Who would have known that Syria hid under its deserts a mystery city? Archeologists have found near the ancient monastery of Deir Mar Musa, 50 miles north of Damascus, fragments of stone tools, stone lines and circles on the ground, and even tombs. Unfortunately the war-torn area prevents archeologists from bringing to light this diamond in the rough.
“What it looked like was a landscape for the dead and not for the living,” declared archaeologist Robert Mason of the Royal Ontario Museum.
The discovery was made back in 2009, during a trip in the country and he is eager to go back and further explore the site, but he is aware of the fact that this is an impossible dream until the regional conflicts stop.
“It’s something that needs more work and I don’t know if that’s ever going to happen.”
The Monastery of Saint Moses the Abyssinian is also an amazing ancient construction dating back in the 4th-5th century, also featuring some frescoes from the 11th and 12th century depicting Judgment Day and Christian Saints. Robert Mason believes that the monastery was initially a Roman watchtower, which was partially destroyed by an earthquake and then rebuilt.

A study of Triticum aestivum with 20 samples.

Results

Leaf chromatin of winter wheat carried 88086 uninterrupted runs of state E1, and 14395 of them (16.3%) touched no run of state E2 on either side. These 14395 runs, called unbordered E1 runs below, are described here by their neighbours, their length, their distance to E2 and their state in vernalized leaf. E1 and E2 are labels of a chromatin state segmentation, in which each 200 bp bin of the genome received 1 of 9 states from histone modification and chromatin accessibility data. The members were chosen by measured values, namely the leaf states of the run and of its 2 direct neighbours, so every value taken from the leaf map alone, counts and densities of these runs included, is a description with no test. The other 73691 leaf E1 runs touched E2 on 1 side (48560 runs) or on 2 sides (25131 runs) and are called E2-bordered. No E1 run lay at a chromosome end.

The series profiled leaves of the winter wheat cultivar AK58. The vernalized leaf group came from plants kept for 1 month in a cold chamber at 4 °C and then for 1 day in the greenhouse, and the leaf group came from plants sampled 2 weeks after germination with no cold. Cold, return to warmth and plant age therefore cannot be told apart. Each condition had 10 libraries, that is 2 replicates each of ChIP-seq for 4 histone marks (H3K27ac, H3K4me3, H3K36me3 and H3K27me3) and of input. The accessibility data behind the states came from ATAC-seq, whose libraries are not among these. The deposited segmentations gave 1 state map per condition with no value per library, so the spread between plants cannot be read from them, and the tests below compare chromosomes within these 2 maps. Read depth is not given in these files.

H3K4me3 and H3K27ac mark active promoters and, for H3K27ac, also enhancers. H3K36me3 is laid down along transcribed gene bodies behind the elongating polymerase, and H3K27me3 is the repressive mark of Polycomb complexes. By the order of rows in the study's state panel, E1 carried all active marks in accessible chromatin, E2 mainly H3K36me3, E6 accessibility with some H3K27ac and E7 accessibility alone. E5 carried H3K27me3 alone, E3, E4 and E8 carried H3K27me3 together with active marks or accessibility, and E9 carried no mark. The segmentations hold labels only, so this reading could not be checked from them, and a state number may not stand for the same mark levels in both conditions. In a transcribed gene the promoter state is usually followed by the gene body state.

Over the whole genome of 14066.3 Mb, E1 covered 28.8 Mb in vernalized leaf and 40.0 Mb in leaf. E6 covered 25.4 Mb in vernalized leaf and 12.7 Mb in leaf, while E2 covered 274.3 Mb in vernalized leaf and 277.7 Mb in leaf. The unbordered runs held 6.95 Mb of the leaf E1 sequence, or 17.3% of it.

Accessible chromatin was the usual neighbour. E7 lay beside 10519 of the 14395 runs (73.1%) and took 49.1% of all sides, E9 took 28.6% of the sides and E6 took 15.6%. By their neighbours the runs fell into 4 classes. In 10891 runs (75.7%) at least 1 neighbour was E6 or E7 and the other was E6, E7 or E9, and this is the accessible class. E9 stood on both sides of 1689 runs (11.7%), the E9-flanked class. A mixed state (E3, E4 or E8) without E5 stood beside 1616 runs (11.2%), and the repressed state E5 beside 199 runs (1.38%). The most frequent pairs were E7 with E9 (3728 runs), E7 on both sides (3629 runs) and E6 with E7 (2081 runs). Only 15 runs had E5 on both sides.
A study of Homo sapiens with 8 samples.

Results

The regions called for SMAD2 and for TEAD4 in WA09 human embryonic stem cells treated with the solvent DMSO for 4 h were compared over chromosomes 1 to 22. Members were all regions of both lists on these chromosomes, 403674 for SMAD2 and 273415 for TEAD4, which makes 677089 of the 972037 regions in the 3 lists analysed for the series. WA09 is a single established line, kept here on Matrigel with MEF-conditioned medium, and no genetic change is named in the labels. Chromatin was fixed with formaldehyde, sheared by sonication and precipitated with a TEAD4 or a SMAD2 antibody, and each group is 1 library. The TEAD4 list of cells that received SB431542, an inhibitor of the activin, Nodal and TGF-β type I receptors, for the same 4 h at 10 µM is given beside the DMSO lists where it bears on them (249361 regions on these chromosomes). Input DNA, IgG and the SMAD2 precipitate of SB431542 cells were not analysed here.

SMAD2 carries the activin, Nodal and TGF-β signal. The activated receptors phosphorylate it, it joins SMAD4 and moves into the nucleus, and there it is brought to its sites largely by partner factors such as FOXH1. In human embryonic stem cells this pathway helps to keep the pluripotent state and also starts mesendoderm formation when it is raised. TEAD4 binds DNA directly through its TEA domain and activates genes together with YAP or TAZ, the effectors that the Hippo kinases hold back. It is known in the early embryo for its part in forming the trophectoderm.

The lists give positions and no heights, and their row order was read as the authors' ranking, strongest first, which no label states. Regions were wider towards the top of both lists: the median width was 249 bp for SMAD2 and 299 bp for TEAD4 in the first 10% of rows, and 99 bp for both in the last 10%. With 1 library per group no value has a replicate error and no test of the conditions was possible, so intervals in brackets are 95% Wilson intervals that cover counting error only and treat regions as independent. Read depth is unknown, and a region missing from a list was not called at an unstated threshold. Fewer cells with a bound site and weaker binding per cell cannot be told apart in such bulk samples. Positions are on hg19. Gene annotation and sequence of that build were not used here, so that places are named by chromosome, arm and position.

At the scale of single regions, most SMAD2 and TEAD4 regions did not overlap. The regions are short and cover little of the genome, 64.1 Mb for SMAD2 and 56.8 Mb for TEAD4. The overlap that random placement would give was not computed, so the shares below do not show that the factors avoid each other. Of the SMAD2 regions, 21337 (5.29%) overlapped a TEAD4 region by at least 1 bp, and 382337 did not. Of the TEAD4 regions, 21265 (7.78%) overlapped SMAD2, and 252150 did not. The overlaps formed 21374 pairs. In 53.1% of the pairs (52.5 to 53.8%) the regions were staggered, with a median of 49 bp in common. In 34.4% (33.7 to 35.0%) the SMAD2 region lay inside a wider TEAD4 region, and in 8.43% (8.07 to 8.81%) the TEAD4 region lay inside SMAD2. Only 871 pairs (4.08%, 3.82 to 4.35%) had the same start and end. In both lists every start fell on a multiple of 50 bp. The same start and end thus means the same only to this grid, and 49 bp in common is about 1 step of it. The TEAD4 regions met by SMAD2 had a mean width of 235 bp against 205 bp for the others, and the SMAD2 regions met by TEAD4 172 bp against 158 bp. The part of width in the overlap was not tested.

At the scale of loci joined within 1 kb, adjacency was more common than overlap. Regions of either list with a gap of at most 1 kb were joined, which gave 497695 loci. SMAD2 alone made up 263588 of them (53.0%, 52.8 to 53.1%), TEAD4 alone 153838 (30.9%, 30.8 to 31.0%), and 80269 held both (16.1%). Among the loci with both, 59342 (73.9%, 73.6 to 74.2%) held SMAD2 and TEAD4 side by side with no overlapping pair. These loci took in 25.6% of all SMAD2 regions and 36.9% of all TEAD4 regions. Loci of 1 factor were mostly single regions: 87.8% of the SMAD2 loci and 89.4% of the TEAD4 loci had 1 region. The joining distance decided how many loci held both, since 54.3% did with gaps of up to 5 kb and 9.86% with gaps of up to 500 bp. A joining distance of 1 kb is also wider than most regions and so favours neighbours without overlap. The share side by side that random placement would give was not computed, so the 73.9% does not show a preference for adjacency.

But the mysterious city is the one that puzzles the archeologist, since tools discovered nearby make him believe the city is much older than the monastery, dating back to the Neolithic Period or early Bronze Age, 6,000 to 10,000 years ago. This would be an amazing discovery taking into consideration the fact that the oldest pyramid, the Great Pyramid of Giza, is 4,500 years old.
Mason also discovered ‘desert kites’, which are corral-like stone formations used to trap gazelles and other animals. This means that the current rocks and sand were once beautiful green pastures thousands of years ago. He also believes that if he begins to excavate under the monastery he will find an entrance to underground tombs there. Unfortunately, what he calls “Syria’s Stonehenge” will only remain a mystery due to the unstoppable regional conflicts.